Like I tell my writing students (& as was told to me), you have to be a good reader to be a good writer. Here are some of the books/stories I’ve been reading lately.
Dana Spiotta’s great novel EAT THE DOCUMENT. The title refers to the never-seen documentary of Bob Dylan’s 1966 tour of England with the Hawks (the tour where he was called a “Judas” during a performance because he had “gone electric”). While EAT THE DOCUMENT (the novel) features a fair amount of music references (one of the characters is obsessed with the Beach Boys’ doomed “Smile” project), the main plot concerns two fugitives from justice who, years later, are living separate, seemingly normal lives in Washington State. Spiotta elegantly shifts back & forth in time, from the early ’70s to the near-present day, using multiple narrators to chart the incognito lives of these two former Weather Underground-type activists who have not seen one another since they went on the run nearly 30 years earlier. Most interesting to me is how Spiotta withholds certain information (e.g., the exact details of the crime that sent the characters underground) for most of the novel, & also how she allows the reader to make links between the various sections without telling us where to look. I can’t wait to read her newest book, STONE ARABIA, which has gotten rave reviews.
Nicole Krauss’s novel GREAT HOUSE shares a lot of qualities with EAT THE DOCUMENT, especially its fluid exploration of time. Like Spiotta’s novel, GREAT HOUSE uses different narrators & leaps back & forth in time, but it’s even more ambitious in some ways because, while Spiotta clearly delineates the time changes (with chapter breaks), Krauss seamlessly wanders through the years within the same sections, often within the same paragraph, so that a character may start with a scene that happened today &, almost without our noticing, moves on to a deep flashback for several pages. It’s quite a performance. My only beef with the novel is that one section toward the end seems almost perversely slow to get to the climactic scene in which an elderly widower learns his late wife’s most deeply kept secret. Like EAT THE DOCUMENT, GREAT HOUSE would easily inspire, in a reader more anal than I, the creation of a chart on which all the far-flung characters’ relationships are linked, complete with a time line. That the reader never actually needs this sort of chart is a testament to Krauss’s clarity.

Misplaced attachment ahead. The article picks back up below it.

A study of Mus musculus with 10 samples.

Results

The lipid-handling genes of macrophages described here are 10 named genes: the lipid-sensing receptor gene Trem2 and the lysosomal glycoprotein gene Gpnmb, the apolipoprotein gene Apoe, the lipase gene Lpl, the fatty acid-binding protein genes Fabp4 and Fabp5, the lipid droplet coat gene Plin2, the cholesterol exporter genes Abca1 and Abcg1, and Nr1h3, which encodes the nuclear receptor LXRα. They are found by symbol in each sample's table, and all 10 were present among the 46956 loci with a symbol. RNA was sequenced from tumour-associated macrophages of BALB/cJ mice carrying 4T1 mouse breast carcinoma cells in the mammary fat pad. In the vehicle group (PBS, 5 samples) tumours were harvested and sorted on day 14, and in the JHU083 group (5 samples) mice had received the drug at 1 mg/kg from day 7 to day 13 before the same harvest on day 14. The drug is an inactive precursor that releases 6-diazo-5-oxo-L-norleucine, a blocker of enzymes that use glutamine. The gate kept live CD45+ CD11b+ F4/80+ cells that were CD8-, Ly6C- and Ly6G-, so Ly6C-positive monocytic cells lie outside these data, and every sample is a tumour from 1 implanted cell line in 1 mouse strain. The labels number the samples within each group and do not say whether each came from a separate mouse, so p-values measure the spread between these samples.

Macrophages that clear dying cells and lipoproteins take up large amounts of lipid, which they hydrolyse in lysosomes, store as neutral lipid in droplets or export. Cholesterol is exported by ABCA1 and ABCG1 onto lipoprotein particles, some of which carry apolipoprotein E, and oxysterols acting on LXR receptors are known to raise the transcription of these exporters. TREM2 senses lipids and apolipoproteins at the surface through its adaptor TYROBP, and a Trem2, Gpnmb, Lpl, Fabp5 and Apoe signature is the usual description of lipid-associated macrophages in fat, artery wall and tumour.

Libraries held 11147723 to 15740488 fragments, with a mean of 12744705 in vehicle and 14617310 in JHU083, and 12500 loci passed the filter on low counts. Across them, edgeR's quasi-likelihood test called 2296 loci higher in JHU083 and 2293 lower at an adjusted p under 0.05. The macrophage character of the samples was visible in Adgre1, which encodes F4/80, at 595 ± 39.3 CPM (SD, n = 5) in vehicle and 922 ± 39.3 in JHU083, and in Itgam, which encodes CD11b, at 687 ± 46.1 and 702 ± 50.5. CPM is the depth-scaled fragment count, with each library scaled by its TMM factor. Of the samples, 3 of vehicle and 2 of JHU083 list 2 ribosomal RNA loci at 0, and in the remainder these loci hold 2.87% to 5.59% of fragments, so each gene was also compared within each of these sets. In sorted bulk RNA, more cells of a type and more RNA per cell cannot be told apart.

Another recent novel with multiple narrators that leaps around in time is Colum McCann’s LET THE GREAT WORLD SPIN, a kaleidoscopic love letter to New York that revolves around Phillipe Petit’s stupendous tightrope walk between the World Trade Center towers in 1974. Chapters move back in forth between characters who directly observe the walk (including Petit himself) to those who only hear about it on the news as their own chaotic lives play out. Of course any novel that concerns itself with this particular feat is actually, in some way, about 9/11, & how the city’s diverse citizens go about their lives during times of crisis & beauty. It’s a life-affirming novel that, again, deftly weaves its various strands in a way that is not at all confusing. Also check out MAN ON WIRE, the fabulous documentary about Petit’s death-defying walk.
On the nonfiction front, I’ve been reading John Lanchester’s illuminating book I.O.U.: Why Everyone Owes Everyone & No One Can Pay, a sort of layman’s examination of the financial crisis that blew up in our faces in 2008. Lanchester makes the debacle as comprehensible as is humanly possible, which is to say that I now understand the crisis about 50% more than I did before. His outrage is infectious, & his humor necessary–otherwise my head might explode. Interestingly, just as I’m reading this book, Lanchester has published a short story in this week’s New Yorker. The story, “Expectations,” which actually appears to be an excerpt from his forthcoming novel (why do they do that at the New Yorker? Why do they publish novel excerpts when there are so many good, legit short stories out there?), is about a London “bankster’s” anticipation of, & reaction to, his yearly bonus. The story seems to take place in late 2007, just as the financial world started to boil over, & it makes for fascinating reading in tandem with I.O.U.